Suzhou Dialect: Threat of Extinction
The dialects that are in the linguistic minority such as the Suzhou dialect tend to be out of use as it occurs in East China’s Jiangsu Province, where it is replaced by the dominant language. Hu Shuning remembers that the promotion of Putonghua was spread across education and media that led to the reduced use of the Suzhou dialect. The interviewee notes that “a dialect’s unique words show the lifestyle and traditions of the people who speak it” (Yiqian).
For example, Hu Shuning introduces a special account on the prominent WeChat social network that teaches her dialect. This account offers lessons on a daily basis, allowing people to learn it whenever and wherever they want, thus developing their native traditions and lifestyle. It should be emphasized that not only Chinese but also foreigners understand the great capacity of dialects. For instance, Kellen Parker and Steve Hanson, the American contributors, designed Phonemica, the website devoted to Chinese dialects and focused on various spoken stories.
Role of the Dialect
When it comes to Chinese, many people think that this is a monolithic and indivisible language spoken by every Chinese citizen. The problem of the reduction and extinction of the local dialects is one of the most sensitive and unresolved issues in China. In fact, Chinese is a collection of a large number of dialects, differing in pronunciation, grammar, and vocabulary. There are seven main groups of the Chinese language: Putonghua, Yue, Cantonese, Minh, Hakka, Gan, and Xiang.
In addition to dialects, there are vernaculars within each of them, differing in stress or pronunciation of sounds. For example, well-known Putonghua in different cities of China sounds differently. The division of the Chinese language into dialect groups is due in most cases to geographical or historical factors. Each of the dialects of the Chinese language has all the criteria to have the status of a separate language, but a single written language for the whole of China ensures the integrity of this language.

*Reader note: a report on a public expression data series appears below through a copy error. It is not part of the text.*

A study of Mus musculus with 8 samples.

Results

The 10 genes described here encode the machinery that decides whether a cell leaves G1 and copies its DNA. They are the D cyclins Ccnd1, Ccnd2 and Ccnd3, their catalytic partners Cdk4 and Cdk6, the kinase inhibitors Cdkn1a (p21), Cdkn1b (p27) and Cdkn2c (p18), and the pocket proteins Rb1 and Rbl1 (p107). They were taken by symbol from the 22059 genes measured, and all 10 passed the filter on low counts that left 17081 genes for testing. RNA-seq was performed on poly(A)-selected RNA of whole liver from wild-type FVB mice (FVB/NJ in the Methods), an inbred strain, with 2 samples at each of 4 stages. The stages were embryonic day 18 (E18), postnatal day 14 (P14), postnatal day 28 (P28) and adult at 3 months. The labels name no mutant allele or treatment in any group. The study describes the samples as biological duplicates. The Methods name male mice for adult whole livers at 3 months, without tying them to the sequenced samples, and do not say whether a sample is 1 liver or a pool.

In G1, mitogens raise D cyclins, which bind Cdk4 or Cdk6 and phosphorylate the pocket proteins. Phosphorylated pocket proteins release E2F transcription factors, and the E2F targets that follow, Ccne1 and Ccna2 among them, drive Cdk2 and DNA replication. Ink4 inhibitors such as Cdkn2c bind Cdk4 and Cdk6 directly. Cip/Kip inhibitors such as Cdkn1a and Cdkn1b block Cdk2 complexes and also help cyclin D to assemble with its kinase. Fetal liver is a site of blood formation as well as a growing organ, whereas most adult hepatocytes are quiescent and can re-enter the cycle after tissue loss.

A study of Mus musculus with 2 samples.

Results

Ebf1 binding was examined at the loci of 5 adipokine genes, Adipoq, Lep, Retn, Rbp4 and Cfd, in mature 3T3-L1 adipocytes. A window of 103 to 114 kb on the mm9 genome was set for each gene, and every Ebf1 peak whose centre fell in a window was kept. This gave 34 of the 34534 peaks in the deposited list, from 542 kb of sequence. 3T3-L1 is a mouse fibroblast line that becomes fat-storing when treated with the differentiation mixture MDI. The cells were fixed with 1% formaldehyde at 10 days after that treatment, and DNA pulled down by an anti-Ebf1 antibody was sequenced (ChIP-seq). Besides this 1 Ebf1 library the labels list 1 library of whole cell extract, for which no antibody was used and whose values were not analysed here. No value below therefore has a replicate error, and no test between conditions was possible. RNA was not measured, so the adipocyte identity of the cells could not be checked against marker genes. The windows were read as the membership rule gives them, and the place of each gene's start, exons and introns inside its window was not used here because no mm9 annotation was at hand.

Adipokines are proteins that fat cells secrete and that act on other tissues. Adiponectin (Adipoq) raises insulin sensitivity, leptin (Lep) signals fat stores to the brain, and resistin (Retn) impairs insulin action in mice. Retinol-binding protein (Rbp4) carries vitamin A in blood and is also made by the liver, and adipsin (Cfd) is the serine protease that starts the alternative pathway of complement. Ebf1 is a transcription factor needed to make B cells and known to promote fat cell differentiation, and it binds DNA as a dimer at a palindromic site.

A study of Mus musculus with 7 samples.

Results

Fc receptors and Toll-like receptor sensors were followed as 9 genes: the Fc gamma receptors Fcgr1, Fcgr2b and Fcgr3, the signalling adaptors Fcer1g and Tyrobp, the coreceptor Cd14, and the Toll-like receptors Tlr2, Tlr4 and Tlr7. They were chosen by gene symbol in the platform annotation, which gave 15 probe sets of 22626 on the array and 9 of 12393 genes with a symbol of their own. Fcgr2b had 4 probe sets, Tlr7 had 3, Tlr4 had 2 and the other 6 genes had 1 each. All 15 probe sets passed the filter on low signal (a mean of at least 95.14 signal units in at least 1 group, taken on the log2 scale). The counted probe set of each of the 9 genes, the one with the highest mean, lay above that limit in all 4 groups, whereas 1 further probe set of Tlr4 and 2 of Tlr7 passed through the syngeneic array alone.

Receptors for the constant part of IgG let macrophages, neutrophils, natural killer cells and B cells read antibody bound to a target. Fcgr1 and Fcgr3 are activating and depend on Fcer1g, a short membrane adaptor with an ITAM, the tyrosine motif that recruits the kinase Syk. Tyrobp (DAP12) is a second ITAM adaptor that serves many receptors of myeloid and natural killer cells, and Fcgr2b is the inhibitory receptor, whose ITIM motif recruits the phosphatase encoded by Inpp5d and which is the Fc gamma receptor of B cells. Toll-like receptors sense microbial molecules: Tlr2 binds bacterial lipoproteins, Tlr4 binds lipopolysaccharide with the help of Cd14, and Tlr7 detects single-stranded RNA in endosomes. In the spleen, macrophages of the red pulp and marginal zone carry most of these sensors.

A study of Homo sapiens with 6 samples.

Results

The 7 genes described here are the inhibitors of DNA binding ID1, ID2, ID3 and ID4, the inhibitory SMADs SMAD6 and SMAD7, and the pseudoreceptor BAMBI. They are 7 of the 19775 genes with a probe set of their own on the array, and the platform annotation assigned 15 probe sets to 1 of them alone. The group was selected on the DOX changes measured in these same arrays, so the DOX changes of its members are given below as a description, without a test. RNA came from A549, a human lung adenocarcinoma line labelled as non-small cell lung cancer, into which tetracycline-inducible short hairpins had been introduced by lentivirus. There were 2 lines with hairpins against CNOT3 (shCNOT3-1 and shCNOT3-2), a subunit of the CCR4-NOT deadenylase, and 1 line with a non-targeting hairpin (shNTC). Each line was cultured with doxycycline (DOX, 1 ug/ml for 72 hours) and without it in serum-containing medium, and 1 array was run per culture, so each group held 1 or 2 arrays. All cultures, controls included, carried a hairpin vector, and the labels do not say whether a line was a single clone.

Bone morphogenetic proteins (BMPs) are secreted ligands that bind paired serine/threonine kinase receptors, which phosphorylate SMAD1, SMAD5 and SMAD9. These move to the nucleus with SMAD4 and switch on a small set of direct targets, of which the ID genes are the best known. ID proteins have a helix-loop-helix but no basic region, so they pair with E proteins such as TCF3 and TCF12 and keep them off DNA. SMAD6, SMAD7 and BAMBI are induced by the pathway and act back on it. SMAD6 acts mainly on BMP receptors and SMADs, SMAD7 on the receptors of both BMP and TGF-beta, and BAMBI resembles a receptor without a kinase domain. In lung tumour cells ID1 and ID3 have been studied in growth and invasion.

Thus, the review of the given news article shows that Chinese, especially young people are aware of the current threatening situation with regards to dialects. Most importantly, they are ready to act and call others to action.
A rather important and culturally specific information can disappear forever with the extinction of the dialect. For example, knowledge of the unique medicines or receipts used by the local groups can be lost in case their dialect loses its place to some other formation, and this valuable information will be overwhelmed by knowledge from other cultures or merely forgotten. It is through the dialects the literary language is enriched and preserved to reveal the future generations a nation’s cultural values.
With the help of the dialect, a separate ethnos or nation preserves and transmits its culture and traditions. More to the point, dialects embody the national revival, preservation, and development. The dialect reveals the way of life of people, their values and landmarks, history and destiny. Every person who has mastered the dialect of his or her native culture has a certain way of thinking and vision. Therefore, the diversity of dialects can be regarded as the foundation of the contemporary multinational society.
Yiqian, Zhan. “Locals, Foreigners try to Keep Chinese Dialects Alive Despite Putonghua Dominance.” Global Times. 2017. Web.